Dia de los Muertos with 75 Grados
In 2012 we traveled to Oaxaca City for Dia de los Muertos to go on vacation and take a break from work and visit all the amazing artist spaces in town. As we prepared for our trip we we communicated with Arturo Negrete from 75 Grados studio in Mexico City, we met through Facebook where I had found posts documenting the posters they were printing. I was amazed by the work of the artists they were printing and through Facebook I was able to befriend Arturo as a fellow printer. It was by chance that we read Arturo’s Facebook post announcing that he was heading to Oaxaca the same time were were, we messaged him with the hopes of meeting in person and hearing more about his studio. He responded with an invitation to join him at his friends gallery/studio space, El Rincon de Sabina and work on a print there. Melanie prepared a three color design and we took the separations with us with plans to meet up.
Once we were in Oaxaca we were anxious to hang out with Arturo, it’s always a treat to meet up with other screen printers, especially with some one who has played a major role in the development of the Mexican print movement. Meeting Arturo was like meeting a print hero, I was looking to hearing about how they run 75 Grados and work with local artists. Working on Melanie’s print gave us the opportunity to see their process in action. The design we printed was a piece Melanie, it was the perfect piece to print while we were there during the week leading up to el dia de los muertos. With the cempazuchitl in the background and with the yellow/orange blend, it was the perfect piece to honor the ancestors with.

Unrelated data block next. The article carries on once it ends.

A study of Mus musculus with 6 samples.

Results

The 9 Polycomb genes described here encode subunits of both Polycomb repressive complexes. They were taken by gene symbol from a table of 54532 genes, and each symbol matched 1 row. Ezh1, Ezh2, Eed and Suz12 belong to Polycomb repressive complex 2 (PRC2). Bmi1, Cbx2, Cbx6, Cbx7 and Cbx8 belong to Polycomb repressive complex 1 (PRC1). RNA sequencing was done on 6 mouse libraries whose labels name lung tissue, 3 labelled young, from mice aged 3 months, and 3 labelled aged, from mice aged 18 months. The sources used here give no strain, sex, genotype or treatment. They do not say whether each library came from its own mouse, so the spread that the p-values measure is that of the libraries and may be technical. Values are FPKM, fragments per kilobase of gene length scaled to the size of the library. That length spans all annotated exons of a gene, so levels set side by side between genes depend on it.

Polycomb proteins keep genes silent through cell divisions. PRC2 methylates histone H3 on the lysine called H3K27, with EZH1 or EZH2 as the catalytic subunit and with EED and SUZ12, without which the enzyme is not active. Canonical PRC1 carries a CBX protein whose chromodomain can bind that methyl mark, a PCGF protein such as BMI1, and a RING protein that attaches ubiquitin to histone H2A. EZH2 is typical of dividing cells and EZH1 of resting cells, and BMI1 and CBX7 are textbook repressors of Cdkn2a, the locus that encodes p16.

We had a lot of fun working with the 75 Grados crew, I always find that it’s best to stand back and observe their process. This is one of the things I love most about visiting with printers, learning to do things in different ways allows me to think come up with new ways of trouble shooting and even change my current practices in the studio. Printing was the best way to get to know each other, it was a grey day so it was the perfect time to spend it indoors and make some posters. We ran three colors using oil based inks which had a powerful smell, lucky the place was well ventilated. It was interesting seeing their inks and how they thinned them, even the little containers Arturo made out of folded paper. One of the things about oil based inks is that they always have the most beautiful pigments, the color are just marvelous making the posters vibrate, especially with this design. The multi-color blend, the almost fluorescent orange and the vibrant pink we used for the trap. It was an amazing experience, Arturo capped it off with a joke, he said to put our hands about the ink to feel the heat radiating from the print process, he then proceeded to tap our hands and using them into the ink. The perfect way to end the the day was to break bred together and have dinner.
About the design:
It was really important to me to center a danzante in the composition of this poster because I feel that Dia de los Muertos is about a world view that understands the duality between life and death. These understandings are rooted in indigenous cosmologies and world-views from peoples across the Americas. I didn’t want the image to flatten what used to be a month long ceremony about remembering the ancestors to a kitschy image of a cartoonish skull that provides no historical context to traditional practices or the reasons for them. I shot this photo of Lazaro Arvizu a danzante from Xipe Totec who used to come to my community college in Los Angeles to teach the third and fourth graders from local schools about the traditions of Dia de los Muertos. This was the last year I helped organize the event before I moved to the Bay.